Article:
Updated: May 2

My my my, it’s now May!

And the sun is finally peeping out behind those clouds.

To add to the brighter weather we have here our own ray of sunshine Corinne.

Corinne is here to share the online realm’s latest offering in educational and entertaining talks.

So make it your mission this month to delve inside some of the world’s most imaginative minds and learn all about Michelangelo, De Vinci and Edgar Alan Poe!

7th May At 6pm. Female Writers.

In this series of four lectures, prepare to delve into the literary world of the Spanish Golden Age, understood as a transatlantic phenomenon.

The session will start with Sor Juana Inés de la Cruz, an icon of the Spanish-American Baroque and a key figure in colonial Latin American literature, who left behind a significant legacy not only in her books but also in the arts. Subsequently,  the life of Erauso will also be explored, also known as the Lieutenant Nun, whose autobiographical account challenges gender conventions and portrays a life marked by adventure and transgression. Maria de Zayas, a novelist and playwright, will guide us through a world of (proto)feminist fictions that subvert the literary standards of her time. 

The session will conclude with Santa Teresa, whose personal experiences and mystical writings will transport you to a realm between the earthly and the spiritual. 

9th May at 1pm. Frederick Douglass

After escaping from slavery in Maryland in 1838 Frederick Douglass became a national leader of the abolitionist movement in Massachusetts and New York during which he gained fame for his oratory. This talk will survey selected sources for the writing of a comprehensive, historical biography of Frederick Douglass and the Bailey/Douglass family. It will proceed scenically in the manner of an illustrated historical panorama, matching documentary evidence (chosen mostly from Maryland archives) to central events in the history of one of our country’s most remarkable families from the 1660s to the fall of Richmond in 1865.


10th May at 1pm. Folk magic


Get ready for an enchanting experience as NHM Discussions takes a deep dive into the fascinating world of Greek Folk Magic. From the ancient echoes of Hecuba's time to the vibrant pulse of contemporary practices, this class unravels the threads of Greece's magical traditions, exploring their evolution and enduring relevance. We will explore how folk magic practices have transformed across millennia as religious, political, and technological changes altered how people understand their relationship with the mystic. See the connections between the rites of city-states and the traditions still used around Greek American dinner tables. This is a magical experience you won’t want to miss.


12th May 8pm. Botticelli


Expert art historian will guide you through Botticelli's iconic paintings, such as "The Birth of Venus" and "Primavera," shedding light on their historical significance and artistic techniques.

Whether you're an art enthusiast or simply curious about Botticelli's art, this event promises to be an insightful and engaging experience for all.

Don't miss out on this incredible opportunity to deepen your understanding of one of the greatest artists in history. Reserve your spot now!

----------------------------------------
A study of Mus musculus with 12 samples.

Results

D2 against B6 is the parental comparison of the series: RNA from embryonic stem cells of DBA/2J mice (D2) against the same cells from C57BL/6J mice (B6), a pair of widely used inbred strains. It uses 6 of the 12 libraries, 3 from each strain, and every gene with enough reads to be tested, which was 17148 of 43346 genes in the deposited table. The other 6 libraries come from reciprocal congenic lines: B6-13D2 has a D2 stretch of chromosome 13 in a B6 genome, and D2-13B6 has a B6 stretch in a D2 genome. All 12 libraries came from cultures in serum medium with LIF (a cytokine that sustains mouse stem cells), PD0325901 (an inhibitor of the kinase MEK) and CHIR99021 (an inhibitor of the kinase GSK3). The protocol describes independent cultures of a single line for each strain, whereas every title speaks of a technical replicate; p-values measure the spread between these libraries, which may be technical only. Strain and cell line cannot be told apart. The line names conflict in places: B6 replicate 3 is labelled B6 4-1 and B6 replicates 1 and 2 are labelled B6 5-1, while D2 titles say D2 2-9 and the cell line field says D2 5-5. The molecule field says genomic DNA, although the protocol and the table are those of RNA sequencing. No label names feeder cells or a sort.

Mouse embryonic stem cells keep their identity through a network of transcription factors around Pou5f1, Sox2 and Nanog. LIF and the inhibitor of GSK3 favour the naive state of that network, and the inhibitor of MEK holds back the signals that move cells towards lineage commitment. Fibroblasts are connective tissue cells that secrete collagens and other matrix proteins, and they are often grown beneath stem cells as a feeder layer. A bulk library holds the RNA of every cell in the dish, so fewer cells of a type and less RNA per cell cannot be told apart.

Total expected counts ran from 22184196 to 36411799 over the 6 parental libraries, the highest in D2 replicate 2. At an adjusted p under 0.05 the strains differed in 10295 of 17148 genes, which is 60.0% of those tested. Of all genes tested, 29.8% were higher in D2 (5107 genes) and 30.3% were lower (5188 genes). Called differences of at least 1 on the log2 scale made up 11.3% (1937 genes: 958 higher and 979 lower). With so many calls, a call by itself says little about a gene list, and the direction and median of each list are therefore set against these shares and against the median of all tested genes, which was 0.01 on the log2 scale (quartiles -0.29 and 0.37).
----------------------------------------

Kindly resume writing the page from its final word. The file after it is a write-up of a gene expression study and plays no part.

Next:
13th May 8.30pm. De Vinci


Join an extraordinary online event, Da Vinci & The Last Supper, where you delve into the genius mind of Leonardo da Vinci and his iconic masterpiece. Discover the secrets and symbolism hidden within The Last Supper, as you explore the historical context and artistic techniques used by this legendary Renaissance artist.

 13th May at 3pm. Edgar Alan Poe


The Poe Museum began over a century ago when an Edgar Allan Poe collector and researcher named James Howard Whitty and a group of literary enthusiasts met in Poe’s hometown of Richmond, Virginia to create the state’s first monument to a writer.


16th May at 5pm. Virtual Art

Join at 12 noon on May 16th, for an informal discussion of this work, led by Curator of Education Michelle DiMarzo, PhD.


16th May 5.30pm. Michelangelo


In 1534, already the most celebrated artist in Europe, Michelangelo left Florence for Rome, never to see his native city again. He was 59 and this move began a dramatic new chapter which would fundamentally shape his experiences as an artist and as a man.

The exhibition and this talk follow the last 30 years of Michelangelo's remarkable life, after he had been summoned back to Rome by Pope Clement VII, to paint a fresco of the Last Judgment in the Sistine Chapel. The move brought him new commissions and reunited him with some of his closest friends – and fuelled the dynamism which Michelangelo brought to his work in the final decades of his life, as he explored salvation and confronted his mortality.


22nd May at 5pm. Ghost Stories 


Ghost Stories are back with their sixth online talk with Kate Macdonald, historian and director of Handheld Press.

In this discussion, Melissa Edmundson, editor of Women’s Weird and many other Handheld Weirds, celebrates the publication of the tenth Handheld Weird: The House of Silence, Ghost stories 1887-1920 by E Nesbit.

31st May at 8pm. Art History 1:1 - Rembrandt

Join this exciting online event, Discover the stories behind Rembrandt's most celebrated artworks, such as "The Night Watch" and gain a deeper understanding of his artistic genius. Through engaging discussions and visual presentations, you'll gain insights into the historical context and the artistic significance of Rembrandt's contributions.

Whether you're an art enthusiast, a history buff, or simply curious about the world of art, this event is perfect for you. Don't miss this unique opportunity to explore the captivating world of Rembrandt from the comfort of your own home. Secure your spot now and embark on an unforgettable artistic journey!